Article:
Bergerac, a joy in the Dordogne

Pont de Begerac

Roger Bray returns to a favourite haunt.

Autumn can be lovely in Dordogne. Country lanes are strewn with sweet chestnuts. Fallen walnuts lie unharvested. Up the road from our rented apartment in Bergerac a small restaurant is advertising omelettes aux cèpes for €18, though in the town’s Saturday market those elite edible funghi were nowhere to be seen. The hot, dry weather was to blame. In the vineyards of nearby Monbazillac, best known for their golden sweet wines, great trailer loads of grapes were still being picked. And, perhaps best of all, the families who holiday here in such numbers in July and August had long headed home.

Memories of peak summer, when it’s hard to go anywhere in Dordogne without hearing English spoken, had long deterred us from returning. A certain Francophile snobbery was at work too. A Frenchwoman, encountered as we journeyed north again, asked where we had been. Her response suggested she should have guessed. But there’s a reason it is so popular with the British, I protested. With its honeyed stone buildings and rolling, green landscape, it is gorgeous.

sunset from the garden
sunset from the garden

Clare, the owner of our accommodation, had “relocated” there with her husband. The one-bedroom apartment* was on the ground floor of a house dating from the 18th century, a very short stroll from Bergerac’s historic centre. Its private front garden overlooked the Dordogne River, separated by an often busy road, though to a London dweller the traffic noise was hardly obtrusive and, inside, could hardly be heard. When it came to furnishing, Clare had a good eye and respect for the property’s age, not least in its large and sumptuously comfortable sitting room.

A major advantage of renting in a town is being able to pop out and get the morning croissants and fresh baguettes. A disadvantage of Autumn was that the nearest boulangerie/patisserie closed for a holiday midway through our stay. But no matter, there was another only a few minutes further away, where I was unable to resist a large peach and frangipani tart that cost, in these inflationary times, €22. The extravagance was justified by the first mouthful. Another small drawback was inability to park outside the apartment, but there was plenty of free space not far away, just beyond Bergerac’s Old Bridge, which dates from 1825 in its present form but was – for many years before the Revolution – the Dordogne Valley’s sole such crossing.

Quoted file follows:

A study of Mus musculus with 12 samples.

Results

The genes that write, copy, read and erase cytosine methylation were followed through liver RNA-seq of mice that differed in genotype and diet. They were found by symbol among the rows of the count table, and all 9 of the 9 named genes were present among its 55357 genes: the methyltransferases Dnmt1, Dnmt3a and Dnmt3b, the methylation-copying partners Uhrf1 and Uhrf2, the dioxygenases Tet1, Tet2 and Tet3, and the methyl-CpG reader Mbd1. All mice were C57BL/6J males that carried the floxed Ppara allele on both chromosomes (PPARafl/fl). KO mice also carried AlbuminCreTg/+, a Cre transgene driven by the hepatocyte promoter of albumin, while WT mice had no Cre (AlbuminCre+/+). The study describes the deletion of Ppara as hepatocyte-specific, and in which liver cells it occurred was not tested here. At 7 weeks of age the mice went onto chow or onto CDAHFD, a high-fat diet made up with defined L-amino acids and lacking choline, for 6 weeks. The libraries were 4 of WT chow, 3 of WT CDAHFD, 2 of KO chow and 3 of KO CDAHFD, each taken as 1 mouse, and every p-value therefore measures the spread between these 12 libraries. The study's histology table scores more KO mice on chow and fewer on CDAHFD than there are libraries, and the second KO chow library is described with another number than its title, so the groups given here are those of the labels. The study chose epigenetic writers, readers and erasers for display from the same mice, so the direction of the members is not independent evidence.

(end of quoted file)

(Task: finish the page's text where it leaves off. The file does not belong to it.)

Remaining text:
In the country south of the river we walked on those clearly marked routes to be found in most of rural France. A circuit from the bastide, or fortified town of Beaumont du Périgord, for example, took us to St-Avit-Sénieur, approaching on “Rue Romain” to the hamlet’s massive church and ruined abbey, built where Roman remains were indeed more recently unearthed. The return hike rewards you with a fine view of Beaumont’s equally imposing church, built as part of the town’s defences. The village of Issigeac, with its wood framed, projecting upper floors known in English as jetties, drew us back for a second exploration.

Recommendations by Clare and her husband took us to two wineries for tastings: first to a cooperative in Sigoulès to see if a Merlot at €4.50 a bottle would live up to their glowing description. It did. What a bargain. And later to the Domaine de l’Ancienne Cure, one of Bergerac’s top producers, where purchases include a superb dry white (Sauvignon Blanc with a touch of Sémillon) and a Monbazillac to drink with some winter dessert.

In Bergerac’s market, we bought confit duck legs, wonderful goat cheese and jam made of apricots and – a new one on us – brugnons. These were described by the stallholder as “something like peaches” and later as nectarines, but online as a hybrid of plums and peaches. Whichever, it was delicious.

We were frustrated in efforts to eat at two restaurants recommended in the apartment’s helpful folder. One was closed on the evenings we had left to us. The other – on a Wednesday in mid-October – was full. Lesson learned: always book.

Fortunately, I had done so at a third, L’Imparfait, whose name looked like an example of getting one’s defence in early. It was anything but. Five minutes walk or so away in the old centre, with its statue of Cyrano (de Bergerac), it was rated by Clare as the town’s best. The entrée was a kadaif of crayfish, with citrus fruit, tomato and ginger. Kadaif, for those like me who might need to ask, was a savoury version of a Turkish dessert made with shredded filo dough. There followed lightly seared scallops with prawns, gnocchi and a foam of those elusive cèpes so good I mopped the plate spotless – and a tart of apples on a thin, crisped base, flamed with calvados, and a scoop of vanilla ice cream. With a amuse bouches, espressos and petits fours, a modest amount of wine and mineral water, the price for two was €134 (£120 as it appeared on my credit card bill).

Though one fine restaurant would hardly have tipped the balance it sharpened our realisation that in seeking parts of France less familiar to the British, we had ignored Dordogne for far too long.

*More images – and contact details for the apartment, Esprit de la Rivière, can be found on its Facebook page.

Next steps

Beautiful holiday homes in the Dordogne can be found at CV Villas. Our Silver Travel Advisors can book holidays all over France, call 0800 412 5678.